A midwife is an expert who deals with normal pregnancy and birth and the healthy new-born infant up to six weeks after birth.
The modern midwife has a medical background in nursing and midwifery and is responsible for her practice to the South African Nursing Council. The midwife is there to advise her client regarding every aspect of a normal healthy pregnancy, to identify complications in the pregnancy or birth and to refer her client to an obstetrician for the management of complications.
All over the world women are giving birth with midwives at home, in hospitals or clinics and in midwife –lead units.
The midwife will often see women prior to pregnancy to advise her regarding conception, her diet and the importance of sufficient folate (vitamin B9) in her diet prior to pregnancy. The midwife can give advice regarding which foods to avoid in the early weeks of pregnancy which will help to reduce the incidence of foetal abnormality and/or early miscarriage. The midwife can discuss what sort of exercise might best suit her client and how she can avoid some of the minor discomforts of pregnancy. The midwife will arrange suitable blood analysis for her client and guide her and her family towards the safest and most satisfying birth for herself and her family.
For centuries and all over the world women have given birth to their babies under the care and guidance of the midwife, and research shows that the “Midwifery model” of care for healthy women is still the safest and has the best outcome for mother, father, and baby.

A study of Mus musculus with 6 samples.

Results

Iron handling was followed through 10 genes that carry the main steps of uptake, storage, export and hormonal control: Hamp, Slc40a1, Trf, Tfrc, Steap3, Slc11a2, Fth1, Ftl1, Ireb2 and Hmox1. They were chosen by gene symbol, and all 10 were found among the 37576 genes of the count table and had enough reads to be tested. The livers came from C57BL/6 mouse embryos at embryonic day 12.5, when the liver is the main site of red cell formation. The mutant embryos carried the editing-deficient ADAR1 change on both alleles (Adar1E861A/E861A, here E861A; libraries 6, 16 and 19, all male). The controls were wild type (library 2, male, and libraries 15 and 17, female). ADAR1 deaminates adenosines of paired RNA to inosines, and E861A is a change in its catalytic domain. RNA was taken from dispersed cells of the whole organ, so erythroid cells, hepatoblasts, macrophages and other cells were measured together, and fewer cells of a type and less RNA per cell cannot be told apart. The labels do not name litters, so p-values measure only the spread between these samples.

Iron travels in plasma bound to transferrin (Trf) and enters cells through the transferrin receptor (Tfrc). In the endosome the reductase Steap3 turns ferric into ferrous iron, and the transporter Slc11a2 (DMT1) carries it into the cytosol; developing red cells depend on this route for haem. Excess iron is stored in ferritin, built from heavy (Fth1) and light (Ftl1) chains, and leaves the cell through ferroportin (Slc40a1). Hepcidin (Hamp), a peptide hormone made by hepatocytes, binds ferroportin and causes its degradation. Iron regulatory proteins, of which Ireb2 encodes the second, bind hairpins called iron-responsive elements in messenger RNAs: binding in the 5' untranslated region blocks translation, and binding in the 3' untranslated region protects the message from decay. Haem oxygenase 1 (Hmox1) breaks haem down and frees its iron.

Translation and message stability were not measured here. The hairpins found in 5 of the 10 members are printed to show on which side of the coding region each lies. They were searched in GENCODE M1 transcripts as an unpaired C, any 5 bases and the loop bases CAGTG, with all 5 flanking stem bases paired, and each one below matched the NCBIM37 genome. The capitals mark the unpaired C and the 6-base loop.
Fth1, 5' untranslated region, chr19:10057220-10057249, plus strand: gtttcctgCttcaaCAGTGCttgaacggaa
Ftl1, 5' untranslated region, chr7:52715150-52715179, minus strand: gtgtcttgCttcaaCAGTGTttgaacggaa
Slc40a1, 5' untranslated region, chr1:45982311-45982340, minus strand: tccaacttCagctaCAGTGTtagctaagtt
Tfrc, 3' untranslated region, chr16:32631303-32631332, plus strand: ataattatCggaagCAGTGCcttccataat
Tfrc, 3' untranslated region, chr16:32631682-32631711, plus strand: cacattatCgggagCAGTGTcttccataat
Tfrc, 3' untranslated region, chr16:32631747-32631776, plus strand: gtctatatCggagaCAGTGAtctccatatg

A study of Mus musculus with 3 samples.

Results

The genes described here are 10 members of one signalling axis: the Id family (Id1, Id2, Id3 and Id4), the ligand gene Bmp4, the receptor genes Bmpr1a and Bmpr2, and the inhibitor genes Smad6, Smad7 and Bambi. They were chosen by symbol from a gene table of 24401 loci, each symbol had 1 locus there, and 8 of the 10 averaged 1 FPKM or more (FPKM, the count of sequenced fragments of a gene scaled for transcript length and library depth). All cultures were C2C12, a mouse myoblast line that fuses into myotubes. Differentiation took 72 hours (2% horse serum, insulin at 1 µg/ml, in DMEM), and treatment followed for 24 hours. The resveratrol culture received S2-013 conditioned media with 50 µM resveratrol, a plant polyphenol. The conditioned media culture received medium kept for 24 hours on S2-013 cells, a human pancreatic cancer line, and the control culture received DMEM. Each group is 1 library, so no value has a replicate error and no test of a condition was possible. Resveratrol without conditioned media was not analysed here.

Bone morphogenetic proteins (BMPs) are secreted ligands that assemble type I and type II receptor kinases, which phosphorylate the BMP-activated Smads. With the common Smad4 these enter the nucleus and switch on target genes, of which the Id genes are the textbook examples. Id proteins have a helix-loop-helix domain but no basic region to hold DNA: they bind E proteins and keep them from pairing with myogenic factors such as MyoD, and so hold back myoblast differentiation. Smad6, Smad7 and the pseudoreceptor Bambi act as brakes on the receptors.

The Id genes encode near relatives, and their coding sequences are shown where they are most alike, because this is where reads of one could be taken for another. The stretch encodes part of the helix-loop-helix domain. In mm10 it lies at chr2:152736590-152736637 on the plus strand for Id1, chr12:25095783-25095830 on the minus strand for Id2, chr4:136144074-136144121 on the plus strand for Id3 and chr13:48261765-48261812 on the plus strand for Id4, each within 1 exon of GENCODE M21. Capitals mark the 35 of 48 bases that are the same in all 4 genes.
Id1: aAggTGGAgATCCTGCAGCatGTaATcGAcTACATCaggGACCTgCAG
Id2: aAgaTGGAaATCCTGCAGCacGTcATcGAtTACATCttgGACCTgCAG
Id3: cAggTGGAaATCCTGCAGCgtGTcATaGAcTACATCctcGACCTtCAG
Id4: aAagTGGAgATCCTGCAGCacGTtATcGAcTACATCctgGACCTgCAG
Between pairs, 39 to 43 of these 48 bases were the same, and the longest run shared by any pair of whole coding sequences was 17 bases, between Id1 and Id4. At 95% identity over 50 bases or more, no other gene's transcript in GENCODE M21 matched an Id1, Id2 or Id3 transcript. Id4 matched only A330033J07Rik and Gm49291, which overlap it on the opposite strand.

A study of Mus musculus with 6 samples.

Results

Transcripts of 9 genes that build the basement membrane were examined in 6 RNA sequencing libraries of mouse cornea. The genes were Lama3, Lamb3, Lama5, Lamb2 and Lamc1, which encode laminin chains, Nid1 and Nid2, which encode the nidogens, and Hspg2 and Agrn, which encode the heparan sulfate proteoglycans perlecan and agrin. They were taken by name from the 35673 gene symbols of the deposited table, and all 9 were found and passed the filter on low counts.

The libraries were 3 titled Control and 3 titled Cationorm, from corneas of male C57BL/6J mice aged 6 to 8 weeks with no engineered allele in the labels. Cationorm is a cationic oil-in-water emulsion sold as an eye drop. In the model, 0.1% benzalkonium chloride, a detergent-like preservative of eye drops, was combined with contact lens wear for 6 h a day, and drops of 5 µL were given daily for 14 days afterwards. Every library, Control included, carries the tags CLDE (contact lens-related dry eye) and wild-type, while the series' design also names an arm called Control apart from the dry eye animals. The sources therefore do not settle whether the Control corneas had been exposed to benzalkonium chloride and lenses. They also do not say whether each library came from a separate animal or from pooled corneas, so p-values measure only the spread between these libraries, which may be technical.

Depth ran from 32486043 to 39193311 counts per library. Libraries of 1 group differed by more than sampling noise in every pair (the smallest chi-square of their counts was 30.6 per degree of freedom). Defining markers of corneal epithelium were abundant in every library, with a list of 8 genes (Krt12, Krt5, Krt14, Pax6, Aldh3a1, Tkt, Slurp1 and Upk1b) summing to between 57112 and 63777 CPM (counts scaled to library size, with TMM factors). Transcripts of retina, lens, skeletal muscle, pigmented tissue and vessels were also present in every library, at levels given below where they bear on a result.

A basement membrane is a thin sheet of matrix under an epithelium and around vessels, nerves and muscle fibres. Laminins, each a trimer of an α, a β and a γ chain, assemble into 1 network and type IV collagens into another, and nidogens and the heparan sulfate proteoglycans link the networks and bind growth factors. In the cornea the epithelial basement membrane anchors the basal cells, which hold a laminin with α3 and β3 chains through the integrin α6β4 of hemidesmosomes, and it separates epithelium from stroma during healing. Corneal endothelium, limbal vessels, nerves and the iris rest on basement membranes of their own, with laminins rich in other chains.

Women in Europe are routinely directed to a midwife when pregnant and the midwife then refers her client to the ultrasonographer and doctor for “shared care”.
Most women are aware that pregnancy is not a disease but a physiological process in their lives just as starting their periods or falling pregnant were and therefore they are looking for education and guidance regarding all the various aspects of the physical development of their bodies and their babies, of how the pregnancy and birth might challenge them mentally, emotionally and spiritually.
At the end of the pregnant process a women emerges as a mother and a man emerges as a father and a family is created or expanded, the midwife holds that developing process in her hands and keeps it safe.
Many midwives see their clients from twelve weeks into the pregnancy, she will take a detailed family history, a medical, surgical and psycho-social history and at each visit she will assess the well-being of mother and baby by recording her emotional health, her blood pressure, urine analysis, and her weight gain. The midwife will discuss the normal development of the foetus with the parents and prepare them for the process of labour and child birth.
Many midwives teach antenatal classes to their clients in preparation for childbirth and will then care for mother and infant during the entire labour and birthing process.
The midwife will then continue to teach the art of breast feeding and will give follow up care for at least the six weeks following the birth of the family.